Mark’s Note: This is a guest post from an old friend of the blog, Mark Edmondson. See his older guest posts from years back. He originally posted this on the AME website and he agreed to have me re-post it.
Alan Robinson and Dean Schroeder, the authors of the Lean classic Ideas Are Free: How the Idea Revolution Is Liberating People and Transforming Organizations (a must read for those of you who want to understand how to engage employees in CI) have recently published their newest book, The Idea-Driven Organization: Unlocking the Power in Bottom-Up Ideas.
Robinson and Schroeder present a compelling case for the business value of engaging employees:
- greater morale,
- competitive advantage,
- operational excellence…
…and they profess that the most effective leaders are the ones who practice humility and respect.
I, too, believe that humility combined with true respect for employees is powerful. I’ve seen it, I subscribe to it and I strive to model it. And I believe this type of servant leadership culture is key for a relevant, sustainable Lean transformation.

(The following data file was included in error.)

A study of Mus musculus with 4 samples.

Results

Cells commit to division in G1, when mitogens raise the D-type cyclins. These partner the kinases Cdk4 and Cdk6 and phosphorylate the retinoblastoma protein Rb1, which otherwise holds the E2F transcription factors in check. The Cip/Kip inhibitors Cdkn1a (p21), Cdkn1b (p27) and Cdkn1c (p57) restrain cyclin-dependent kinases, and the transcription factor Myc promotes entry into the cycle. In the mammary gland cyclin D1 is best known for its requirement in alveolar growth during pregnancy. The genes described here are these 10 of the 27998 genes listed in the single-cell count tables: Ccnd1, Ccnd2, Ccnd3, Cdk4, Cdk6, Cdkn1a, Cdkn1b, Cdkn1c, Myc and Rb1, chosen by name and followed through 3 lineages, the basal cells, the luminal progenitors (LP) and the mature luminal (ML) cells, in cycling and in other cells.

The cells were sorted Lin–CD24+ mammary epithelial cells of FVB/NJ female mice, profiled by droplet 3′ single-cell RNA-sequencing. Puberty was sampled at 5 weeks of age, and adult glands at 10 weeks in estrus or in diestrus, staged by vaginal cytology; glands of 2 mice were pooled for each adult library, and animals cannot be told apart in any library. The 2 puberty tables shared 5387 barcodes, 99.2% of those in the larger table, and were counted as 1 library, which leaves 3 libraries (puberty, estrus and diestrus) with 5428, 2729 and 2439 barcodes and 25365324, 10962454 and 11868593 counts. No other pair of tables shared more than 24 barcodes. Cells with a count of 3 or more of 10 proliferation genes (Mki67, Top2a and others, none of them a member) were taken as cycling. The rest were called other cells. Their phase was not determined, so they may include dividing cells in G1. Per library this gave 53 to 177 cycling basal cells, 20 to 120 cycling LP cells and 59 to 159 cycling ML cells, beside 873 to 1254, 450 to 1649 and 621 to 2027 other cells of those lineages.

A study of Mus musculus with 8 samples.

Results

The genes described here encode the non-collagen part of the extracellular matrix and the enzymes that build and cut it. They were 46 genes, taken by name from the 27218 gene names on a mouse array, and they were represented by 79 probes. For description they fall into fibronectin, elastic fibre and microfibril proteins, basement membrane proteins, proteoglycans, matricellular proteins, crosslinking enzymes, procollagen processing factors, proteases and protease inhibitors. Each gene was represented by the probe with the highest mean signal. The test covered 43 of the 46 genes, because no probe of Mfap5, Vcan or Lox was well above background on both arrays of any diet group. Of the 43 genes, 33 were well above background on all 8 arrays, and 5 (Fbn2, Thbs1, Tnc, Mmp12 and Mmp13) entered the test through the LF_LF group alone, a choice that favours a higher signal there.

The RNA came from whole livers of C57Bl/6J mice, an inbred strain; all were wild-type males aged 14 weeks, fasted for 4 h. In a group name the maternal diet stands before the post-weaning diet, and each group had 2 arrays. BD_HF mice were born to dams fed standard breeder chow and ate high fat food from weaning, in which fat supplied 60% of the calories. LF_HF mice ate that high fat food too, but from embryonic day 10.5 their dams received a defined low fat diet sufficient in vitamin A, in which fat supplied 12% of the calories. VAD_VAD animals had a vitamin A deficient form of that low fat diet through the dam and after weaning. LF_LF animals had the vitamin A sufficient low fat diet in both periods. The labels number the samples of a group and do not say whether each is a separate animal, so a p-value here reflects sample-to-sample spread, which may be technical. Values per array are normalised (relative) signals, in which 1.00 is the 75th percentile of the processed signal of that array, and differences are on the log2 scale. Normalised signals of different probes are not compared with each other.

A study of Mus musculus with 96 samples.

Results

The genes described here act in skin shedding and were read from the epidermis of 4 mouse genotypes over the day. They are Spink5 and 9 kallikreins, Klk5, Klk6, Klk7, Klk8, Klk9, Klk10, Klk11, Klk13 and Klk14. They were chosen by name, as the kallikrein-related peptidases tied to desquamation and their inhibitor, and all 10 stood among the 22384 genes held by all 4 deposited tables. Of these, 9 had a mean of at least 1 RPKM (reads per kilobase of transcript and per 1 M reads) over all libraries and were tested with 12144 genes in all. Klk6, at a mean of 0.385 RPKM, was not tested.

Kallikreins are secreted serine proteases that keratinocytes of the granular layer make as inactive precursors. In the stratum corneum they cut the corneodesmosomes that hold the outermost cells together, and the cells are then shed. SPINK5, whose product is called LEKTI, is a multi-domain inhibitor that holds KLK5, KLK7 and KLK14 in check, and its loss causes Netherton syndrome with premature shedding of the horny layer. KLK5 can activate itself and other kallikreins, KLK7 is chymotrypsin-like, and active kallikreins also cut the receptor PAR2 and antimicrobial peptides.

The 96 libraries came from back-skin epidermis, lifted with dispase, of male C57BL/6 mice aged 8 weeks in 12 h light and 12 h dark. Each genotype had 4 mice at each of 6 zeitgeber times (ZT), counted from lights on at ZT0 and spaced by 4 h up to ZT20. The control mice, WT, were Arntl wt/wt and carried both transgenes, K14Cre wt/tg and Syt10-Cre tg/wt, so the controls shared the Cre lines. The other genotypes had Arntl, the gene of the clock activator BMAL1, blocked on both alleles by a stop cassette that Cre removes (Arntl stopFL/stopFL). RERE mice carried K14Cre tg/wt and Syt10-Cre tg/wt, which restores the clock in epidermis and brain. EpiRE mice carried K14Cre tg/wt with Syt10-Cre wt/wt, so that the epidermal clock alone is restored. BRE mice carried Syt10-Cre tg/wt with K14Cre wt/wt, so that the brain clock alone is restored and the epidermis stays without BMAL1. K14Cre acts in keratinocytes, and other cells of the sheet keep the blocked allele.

But, it seems like this style of leadership is also the exception rather than the norm among large American companies.
Why is this?
Is this idea-driven leadership style, in fact, less effective? Or is the ego-eccentric individual better at self-promotion and hence more successful in a typical hierarchical bureaucracy?
In their books, Robinson and Schroeder provide examples of companies which are role models. But virtually all of these are outside of the United States or are very small. Amongst North American large companies, which best exemplify the “Idea Driven Organization”? Has anyone ever conducted a study to identify these companies?